The following quotes are taken from Spirits, Fairies, Leprechauns and Goblins - An Encyclopedia, by Carol Rose (highly recommended).
In the entry for Brownies:
Families were proud of their Brownies as they brought good fortune; to
lose one was disastrous. [...] In general, the Brownie was the most
industrious of the household spirits, ploughing, reaping, grinding
grain, cleaning the house and barns, churning butter - in fact, most
of the tedious jobs he would gladly do. In return the Brownie was
entitled to a bowl of the best cream and new baked cake or bread, to
be put within his reach. To offer the Brownie any form of payment
other than this, especially to take pity and to give him new clothes,
was an insult, and he would vanish immediately.
In the entry for Tomtar:
Tomtar are the Little People in the folklore of Sweden.... They enjoy
a bowl of porridge, and some bread and tobacco, but only on Christmas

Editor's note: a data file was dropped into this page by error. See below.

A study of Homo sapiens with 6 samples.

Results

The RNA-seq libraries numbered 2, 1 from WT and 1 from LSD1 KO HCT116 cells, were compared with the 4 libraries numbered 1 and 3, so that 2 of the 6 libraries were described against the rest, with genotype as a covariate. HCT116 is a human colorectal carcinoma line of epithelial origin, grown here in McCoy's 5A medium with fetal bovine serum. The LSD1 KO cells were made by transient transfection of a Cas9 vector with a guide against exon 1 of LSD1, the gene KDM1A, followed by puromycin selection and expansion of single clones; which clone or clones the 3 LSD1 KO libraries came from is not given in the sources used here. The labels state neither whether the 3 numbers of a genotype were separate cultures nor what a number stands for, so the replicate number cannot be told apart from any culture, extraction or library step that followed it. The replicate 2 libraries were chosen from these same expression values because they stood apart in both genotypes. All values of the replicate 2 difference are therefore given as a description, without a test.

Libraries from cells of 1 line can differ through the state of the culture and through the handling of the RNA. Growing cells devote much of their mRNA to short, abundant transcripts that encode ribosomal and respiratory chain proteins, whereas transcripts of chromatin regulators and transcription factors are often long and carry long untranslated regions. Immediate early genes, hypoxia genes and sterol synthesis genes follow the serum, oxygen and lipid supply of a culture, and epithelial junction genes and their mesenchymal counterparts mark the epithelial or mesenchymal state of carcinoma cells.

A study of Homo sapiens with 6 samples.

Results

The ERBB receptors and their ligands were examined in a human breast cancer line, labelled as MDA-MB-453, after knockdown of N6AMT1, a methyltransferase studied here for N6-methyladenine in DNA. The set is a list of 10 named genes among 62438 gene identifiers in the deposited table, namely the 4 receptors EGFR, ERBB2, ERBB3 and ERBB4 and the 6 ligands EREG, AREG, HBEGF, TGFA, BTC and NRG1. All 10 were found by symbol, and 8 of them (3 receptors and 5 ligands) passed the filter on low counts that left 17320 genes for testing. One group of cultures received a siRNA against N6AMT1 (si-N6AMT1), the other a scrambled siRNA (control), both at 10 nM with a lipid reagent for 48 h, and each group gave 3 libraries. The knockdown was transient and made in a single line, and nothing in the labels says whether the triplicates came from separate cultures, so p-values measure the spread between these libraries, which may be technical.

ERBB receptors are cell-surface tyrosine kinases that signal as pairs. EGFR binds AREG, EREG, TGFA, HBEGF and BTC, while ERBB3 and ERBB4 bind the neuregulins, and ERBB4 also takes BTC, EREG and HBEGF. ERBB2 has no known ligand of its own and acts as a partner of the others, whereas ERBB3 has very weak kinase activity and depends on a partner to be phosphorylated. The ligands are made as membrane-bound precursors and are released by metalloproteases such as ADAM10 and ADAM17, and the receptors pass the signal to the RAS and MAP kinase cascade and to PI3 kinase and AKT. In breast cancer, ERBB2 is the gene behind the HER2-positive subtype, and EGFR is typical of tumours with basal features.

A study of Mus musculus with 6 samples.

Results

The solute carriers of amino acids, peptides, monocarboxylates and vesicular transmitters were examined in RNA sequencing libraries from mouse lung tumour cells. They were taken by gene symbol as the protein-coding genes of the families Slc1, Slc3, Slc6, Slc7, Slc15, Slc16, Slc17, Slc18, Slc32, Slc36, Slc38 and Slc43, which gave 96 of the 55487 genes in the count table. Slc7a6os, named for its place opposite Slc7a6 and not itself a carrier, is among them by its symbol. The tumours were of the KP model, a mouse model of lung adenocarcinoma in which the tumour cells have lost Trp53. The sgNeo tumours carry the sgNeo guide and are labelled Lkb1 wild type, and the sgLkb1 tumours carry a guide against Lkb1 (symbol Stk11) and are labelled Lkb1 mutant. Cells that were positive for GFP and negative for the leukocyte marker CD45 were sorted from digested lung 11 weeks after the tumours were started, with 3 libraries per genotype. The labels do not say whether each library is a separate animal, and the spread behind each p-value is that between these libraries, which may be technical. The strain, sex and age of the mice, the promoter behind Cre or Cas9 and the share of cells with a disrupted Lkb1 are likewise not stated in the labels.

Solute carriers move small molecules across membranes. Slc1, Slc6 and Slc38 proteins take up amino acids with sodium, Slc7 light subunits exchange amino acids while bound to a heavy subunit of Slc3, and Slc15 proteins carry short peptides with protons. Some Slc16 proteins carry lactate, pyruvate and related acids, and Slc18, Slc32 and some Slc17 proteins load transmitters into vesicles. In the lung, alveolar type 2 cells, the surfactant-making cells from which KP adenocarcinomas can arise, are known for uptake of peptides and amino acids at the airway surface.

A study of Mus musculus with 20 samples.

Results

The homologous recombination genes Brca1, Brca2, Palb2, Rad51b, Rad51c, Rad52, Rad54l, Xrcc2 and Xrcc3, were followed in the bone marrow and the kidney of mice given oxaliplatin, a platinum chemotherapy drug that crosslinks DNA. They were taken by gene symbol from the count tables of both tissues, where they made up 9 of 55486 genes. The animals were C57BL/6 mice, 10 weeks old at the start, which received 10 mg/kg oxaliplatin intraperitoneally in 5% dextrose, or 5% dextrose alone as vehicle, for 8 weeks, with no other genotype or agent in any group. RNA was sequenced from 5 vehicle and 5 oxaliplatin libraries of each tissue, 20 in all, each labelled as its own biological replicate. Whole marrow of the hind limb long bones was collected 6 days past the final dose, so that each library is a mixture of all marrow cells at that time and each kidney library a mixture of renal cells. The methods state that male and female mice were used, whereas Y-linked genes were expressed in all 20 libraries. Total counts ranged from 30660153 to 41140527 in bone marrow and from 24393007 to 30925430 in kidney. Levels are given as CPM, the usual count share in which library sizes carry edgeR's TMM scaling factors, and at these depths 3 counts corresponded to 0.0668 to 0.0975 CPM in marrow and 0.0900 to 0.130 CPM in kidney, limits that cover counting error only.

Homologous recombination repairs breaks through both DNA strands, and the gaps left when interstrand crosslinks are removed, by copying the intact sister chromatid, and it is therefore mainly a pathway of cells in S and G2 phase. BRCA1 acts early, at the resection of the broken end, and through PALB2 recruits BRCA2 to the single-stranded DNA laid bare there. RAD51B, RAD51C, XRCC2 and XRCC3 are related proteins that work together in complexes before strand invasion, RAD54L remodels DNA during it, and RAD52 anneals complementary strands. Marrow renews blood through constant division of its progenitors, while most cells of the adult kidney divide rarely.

morning. To give the Tomtar any better gift during the year would be
sure to offend him, and he would do no more work.
In essence, then, your theory is correct - it is a warning not to spoil your servants. However, I'm not sure that this is because it will "go to their heads". My impression is that brownies, and similar beings, want to work on their own terms. To turn it into a payment, or transaction, was highly insulting to them, particularly if they wanted to do the jobs they want because they enjoyed it, or liked the family. To take pity on them, implying that they are lesser beings relegated to housework, causes offence, and this is the reason they leave - not that their newfound power has gone to their heads. Beings such as Tomtar and Brownies, then, seem to like appreciation, but not payment.